Comments on: Turning Water into Wine: Legal Distillation http://www.cookingissues.com/2010/09/27/turning-water-into-wine-legal-distillation/ The International Culinary Center's Tech 'N Stuff Blog Thu, 09 Jan 2014 18:17:16 +0000 hourly 1 http://wordpress.org/?v=4.0 By: James Ross http://www.cookingissues.com/2010/09/27/turning-water-into-wine-legal-distillation/#comment-260384 Fri, 18 May 2012 02:02:36 +0000 http://www.cookingissues.com/?p=4694#comment-260384 P.S. The alcohol in the “thumper” is what catches most of the flavors that you would want.




I think part of the problem is as you state it, but there is something else as well. The aroma and flavor of water based distillates are extremely fugitive (compared to ethanol distillates). I think water is just poor at holding on to the flavors, so it is easy for them to get pumped out through the vacuum system. I don’t see a legal problem with adding ethanol to the trap because it is never subjected to a separation process –so it isn’t ever distilled.


I was rotovapping in lab thinking about this problem today, and I remembered a sidenote from an earlier post that faster distillations gave better flavor than slow distillations – is it possible that the water distillations are just too slow because of the higher boiling point/lower vacuum required?

Also in terms of retaining flavor would it be legal to add ethanol to your trap? you’d have to keep the trap cold (ice bath?) so it wouldn’t evaporate too much but that might retain some of the flavor better than the water.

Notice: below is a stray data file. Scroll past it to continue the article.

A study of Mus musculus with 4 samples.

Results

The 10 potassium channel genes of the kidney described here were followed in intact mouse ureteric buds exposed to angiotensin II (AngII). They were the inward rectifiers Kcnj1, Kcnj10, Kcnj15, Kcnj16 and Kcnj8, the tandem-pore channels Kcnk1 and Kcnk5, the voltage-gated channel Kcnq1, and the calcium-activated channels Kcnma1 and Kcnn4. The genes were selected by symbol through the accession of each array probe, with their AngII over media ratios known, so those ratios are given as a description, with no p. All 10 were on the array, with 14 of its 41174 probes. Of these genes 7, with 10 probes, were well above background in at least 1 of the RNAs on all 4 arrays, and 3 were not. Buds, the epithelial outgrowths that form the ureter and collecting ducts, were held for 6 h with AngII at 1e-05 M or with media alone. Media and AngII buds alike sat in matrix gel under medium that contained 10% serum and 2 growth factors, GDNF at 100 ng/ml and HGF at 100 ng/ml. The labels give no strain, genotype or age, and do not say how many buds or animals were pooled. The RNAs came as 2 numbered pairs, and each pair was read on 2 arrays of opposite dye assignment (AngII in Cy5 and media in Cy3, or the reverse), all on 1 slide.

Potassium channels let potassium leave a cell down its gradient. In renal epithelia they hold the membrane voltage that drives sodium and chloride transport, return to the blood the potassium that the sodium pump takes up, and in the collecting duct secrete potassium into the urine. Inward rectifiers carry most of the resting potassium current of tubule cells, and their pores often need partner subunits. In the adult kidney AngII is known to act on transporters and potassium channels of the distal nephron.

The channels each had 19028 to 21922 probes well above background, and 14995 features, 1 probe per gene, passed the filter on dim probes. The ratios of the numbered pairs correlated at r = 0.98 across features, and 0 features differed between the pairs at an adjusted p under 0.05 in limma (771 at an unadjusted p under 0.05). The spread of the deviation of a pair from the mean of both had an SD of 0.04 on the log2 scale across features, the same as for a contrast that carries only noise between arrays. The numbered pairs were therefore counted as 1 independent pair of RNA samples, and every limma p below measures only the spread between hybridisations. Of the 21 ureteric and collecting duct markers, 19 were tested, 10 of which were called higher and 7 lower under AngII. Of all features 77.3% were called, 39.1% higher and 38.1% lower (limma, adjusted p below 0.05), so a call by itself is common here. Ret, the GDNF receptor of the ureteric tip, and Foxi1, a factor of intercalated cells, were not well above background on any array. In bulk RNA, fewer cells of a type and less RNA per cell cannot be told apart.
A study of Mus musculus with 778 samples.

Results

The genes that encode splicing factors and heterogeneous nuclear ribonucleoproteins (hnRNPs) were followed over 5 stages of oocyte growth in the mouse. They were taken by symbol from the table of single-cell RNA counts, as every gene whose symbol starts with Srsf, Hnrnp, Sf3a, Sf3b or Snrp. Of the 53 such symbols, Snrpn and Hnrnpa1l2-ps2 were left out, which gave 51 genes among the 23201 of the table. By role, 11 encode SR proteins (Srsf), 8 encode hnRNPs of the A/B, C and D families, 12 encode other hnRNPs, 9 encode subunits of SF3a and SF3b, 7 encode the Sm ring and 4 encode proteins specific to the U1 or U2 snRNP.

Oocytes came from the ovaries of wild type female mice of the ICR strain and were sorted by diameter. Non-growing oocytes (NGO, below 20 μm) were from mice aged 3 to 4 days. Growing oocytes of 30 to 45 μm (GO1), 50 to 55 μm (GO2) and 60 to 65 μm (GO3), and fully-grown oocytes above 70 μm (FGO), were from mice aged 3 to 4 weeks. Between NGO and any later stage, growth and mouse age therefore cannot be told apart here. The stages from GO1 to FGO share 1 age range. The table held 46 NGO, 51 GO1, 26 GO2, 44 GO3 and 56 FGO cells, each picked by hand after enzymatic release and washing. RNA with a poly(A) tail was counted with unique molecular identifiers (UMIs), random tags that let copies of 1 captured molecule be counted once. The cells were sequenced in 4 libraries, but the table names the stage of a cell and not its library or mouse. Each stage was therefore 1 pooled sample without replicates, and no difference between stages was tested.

In traditional distillation what you say is correct, because ethanol is the desired product with very few congeners desired. We want to capture essentially all of the congeners, so we try to get a very high temperature delta which lets us do a fast distillation without losing much.


You make the following statement, “For maximum flavor retention, you want this coolant to be as cold as possible without freezing your distillate to the coils.” however is this true? I always thought that it was only important to get down to around the serving temperature, say somewhere in the mid 50sF. By not getting colder am I really losing something? I believe that in Cognac and Armagnac production, tap/well water is used as the coolant.

thanks



Brilliant work! I would like to echo part of Jake’s comment above. Flavour molecules are often poorly water soluble and therefore distill much better when ethanol is present. For separation by distillation not only boiling points but also interactions between the compounds distilled are important. Ethanol can act as a “carrier” for flavour compounds.
There is a reason why flavour distillates are often made with ethanol… So, IMHO 2 is correct.

Like all scientist above, I was scared by your use of the 100% ethanol, we always order the 96% food grade for drinks with Christmas.